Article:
The US-Japan summit meeting between President Donald Trump and Prime Minister Shinzo Abe would focus on the upcoming North Korea talks and the efforts of the two countries to maintain a free and independent Indo-Pacific region, senior administration officials said today.
Trump will be hosting Abe for the second time at his Mar-a-Lago residence in Florida on April 17 and 18.
The meeting includes one-o-one and delegation level talks at the end of which the two leaders are scheduled to address a joint press conference.
The bilateral trade is another issue that is expected to figure prominently between the two leaders.
"The visit is primarily an opportunity for the two leaders to continue their close coordination on North Korea, and to exchange views on the way forward for a summit between President Trump and the leader of North Korea," a senior Trump administration official told reporters.
"Key topics are likely to include the US and Japan's shared priorities across the Indo-Pacific region, including how the two countries can work together to ensure universal access to affordable energy, high-quality trade and investment standards, freedom of the seas, respect for human rights and international laws, and in short, really, how to ensure a free and open Indo-Pacific.
"They will also talk about ways to deepen our bilateral trade relationship," the official said.
Abe would leave the US on April 19.
Trump and Abe would be accompanied by top leaders from the two countries.
After his victory in the November 2016 elections, Trump and Abe have developed close personal relationship. They have played golf together. Trump has already visited Japan.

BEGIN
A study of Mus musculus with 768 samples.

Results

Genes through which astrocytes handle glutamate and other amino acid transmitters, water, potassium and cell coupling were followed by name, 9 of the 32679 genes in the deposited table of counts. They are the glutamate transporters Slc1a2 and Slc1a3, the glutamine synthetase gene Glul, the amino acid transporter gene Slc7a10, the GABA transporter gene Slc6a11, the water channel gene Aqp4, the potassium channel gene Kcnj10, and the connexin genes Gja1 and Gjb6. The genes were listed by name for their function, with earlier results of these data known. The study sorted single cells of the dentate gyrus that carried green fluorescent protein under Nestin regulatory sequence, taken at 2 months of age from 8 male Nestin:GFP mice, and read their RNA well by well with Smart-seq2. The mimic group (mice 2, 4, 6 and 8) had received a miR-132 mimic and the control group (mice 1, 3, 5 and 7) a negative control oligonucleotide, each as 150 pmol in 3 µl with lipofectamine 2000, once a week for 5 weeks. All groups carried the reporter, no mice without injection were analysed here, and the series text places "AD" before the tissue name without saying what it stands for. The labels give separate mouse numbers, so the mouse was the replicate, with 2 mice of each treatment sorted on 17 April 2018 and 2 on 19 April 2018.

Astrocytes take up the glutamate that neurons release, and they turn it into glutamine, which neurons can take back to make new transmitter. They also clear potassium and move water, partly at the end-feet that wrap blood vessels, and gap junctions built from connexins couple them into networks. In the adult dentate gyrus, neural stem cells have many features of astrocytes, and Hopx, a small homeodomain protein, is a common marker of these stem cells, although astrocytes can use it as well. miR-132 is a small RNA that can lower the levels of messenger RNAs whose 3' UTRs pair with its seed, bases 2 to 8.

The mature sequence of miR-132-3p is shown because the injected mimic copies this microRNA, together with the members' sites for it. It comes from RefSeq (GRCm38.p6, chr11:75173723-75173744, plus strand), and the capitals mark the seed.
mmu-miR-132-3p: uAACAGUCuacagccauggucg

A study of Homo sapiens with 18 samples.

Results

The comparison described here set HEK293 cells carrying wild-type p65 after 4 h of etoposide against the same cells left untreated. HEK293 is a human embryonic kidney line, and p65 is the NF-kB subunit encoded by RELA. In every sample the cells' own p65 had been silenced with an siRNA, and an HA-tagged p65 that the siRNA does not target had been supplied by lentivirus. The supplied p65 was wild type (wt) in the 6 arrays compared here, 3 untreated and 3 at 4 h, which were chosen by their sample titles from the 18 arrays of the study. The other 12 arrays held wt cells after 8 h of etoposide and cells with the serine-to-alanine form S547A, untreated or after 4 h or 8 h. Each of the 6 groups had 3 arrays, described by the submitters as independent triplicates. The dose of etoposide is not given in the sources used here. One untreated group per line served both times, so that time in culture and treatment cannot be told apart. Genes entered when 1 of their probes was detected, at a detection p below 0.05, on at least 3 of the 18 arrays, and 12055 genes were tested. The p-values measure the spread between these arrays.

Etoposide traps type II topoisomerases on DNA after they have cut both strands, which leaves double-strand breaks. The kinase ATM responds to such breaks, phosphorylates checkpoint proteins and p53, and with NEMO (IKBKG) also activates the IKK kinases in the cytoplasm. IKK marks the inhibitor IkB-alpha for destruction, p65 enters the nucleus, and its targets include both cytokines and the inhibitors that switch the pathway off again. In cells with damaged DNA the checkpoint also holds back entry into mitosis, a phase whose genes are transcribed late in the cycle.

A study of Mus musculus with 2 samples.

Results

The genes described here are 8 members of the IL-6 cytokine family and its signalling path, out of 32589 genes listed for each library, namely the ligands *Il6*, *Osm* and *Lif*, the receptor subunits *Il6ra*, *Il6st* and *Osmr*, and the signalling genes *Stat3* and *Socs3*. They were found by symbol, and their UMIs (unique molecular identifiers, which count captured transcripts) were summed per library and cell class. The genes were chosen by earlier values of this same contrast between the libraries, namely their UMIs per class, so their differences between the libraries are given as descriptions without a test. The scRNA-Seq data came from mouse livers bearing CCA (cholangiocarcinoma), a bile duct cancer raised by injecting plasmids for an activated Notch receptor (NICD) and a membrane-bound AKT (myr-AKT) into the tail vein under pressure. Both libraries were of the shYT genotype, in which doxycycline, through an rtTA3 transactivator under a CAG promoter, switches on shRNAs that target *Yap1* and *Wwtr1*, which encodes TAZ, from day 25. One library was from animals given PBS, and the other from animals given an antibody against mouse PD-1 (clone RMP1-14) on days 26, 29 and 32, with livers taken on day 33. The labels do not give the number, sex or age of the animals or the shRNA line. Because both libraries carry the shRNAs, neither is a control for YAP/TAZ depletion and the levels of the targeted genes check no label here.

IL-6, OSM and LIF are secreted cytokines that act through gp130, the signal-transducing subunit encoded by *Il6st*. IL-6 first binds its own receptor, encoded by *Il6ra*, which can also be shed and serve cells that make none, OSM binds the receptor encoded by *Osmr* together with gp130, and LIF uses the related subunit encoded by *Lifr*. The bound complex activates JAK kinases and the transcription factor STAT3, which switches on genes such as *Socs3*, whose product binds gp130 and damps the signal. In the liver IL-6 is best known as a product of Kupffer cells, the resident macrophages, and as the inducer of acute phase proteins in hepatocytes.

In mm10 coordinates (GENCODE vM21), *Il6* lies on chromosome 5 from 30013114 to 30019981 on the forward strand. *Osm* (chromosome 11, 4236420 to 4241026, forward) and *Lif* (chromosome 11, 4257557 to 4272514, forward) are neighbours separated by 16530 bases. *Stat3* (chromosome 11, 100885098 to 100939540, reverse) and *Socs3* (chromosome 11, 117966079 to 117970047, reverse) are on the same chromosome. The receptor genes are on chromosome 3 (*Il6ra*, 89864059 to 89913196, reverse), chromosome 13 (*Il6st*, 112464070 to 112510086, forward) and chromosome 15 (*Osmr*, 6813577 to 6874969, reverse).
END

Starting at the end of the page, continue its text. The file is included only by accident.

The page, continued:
In fact, Trump has met with Abe more than he has met with any other world leader. The two leaders talk over the phone quite frequently.
"The President has a great deal of respect for Prime Minister Abe's views on Northeast Asian security. He will certainly want to know what additional thoughts Prime Minister Abe has beyond those that he's already shared, because they've been in constant contact in recent weeks, since President Trump accepted an invitation to meet with Kim Jong-un. They will go into some detail for sure on that," the official said.
Responding to a question, the official said that the issue of freedom of navigation in the South China Sea will come up during the talks.
"It is really a matter of international concern when artificial features in the South China Sea are militarised, as we've seen happen incrementally over the course of a number of years now," the official added.
(This story has not been edited by Business Standard staff and is auto-generated from a syndicated feed.)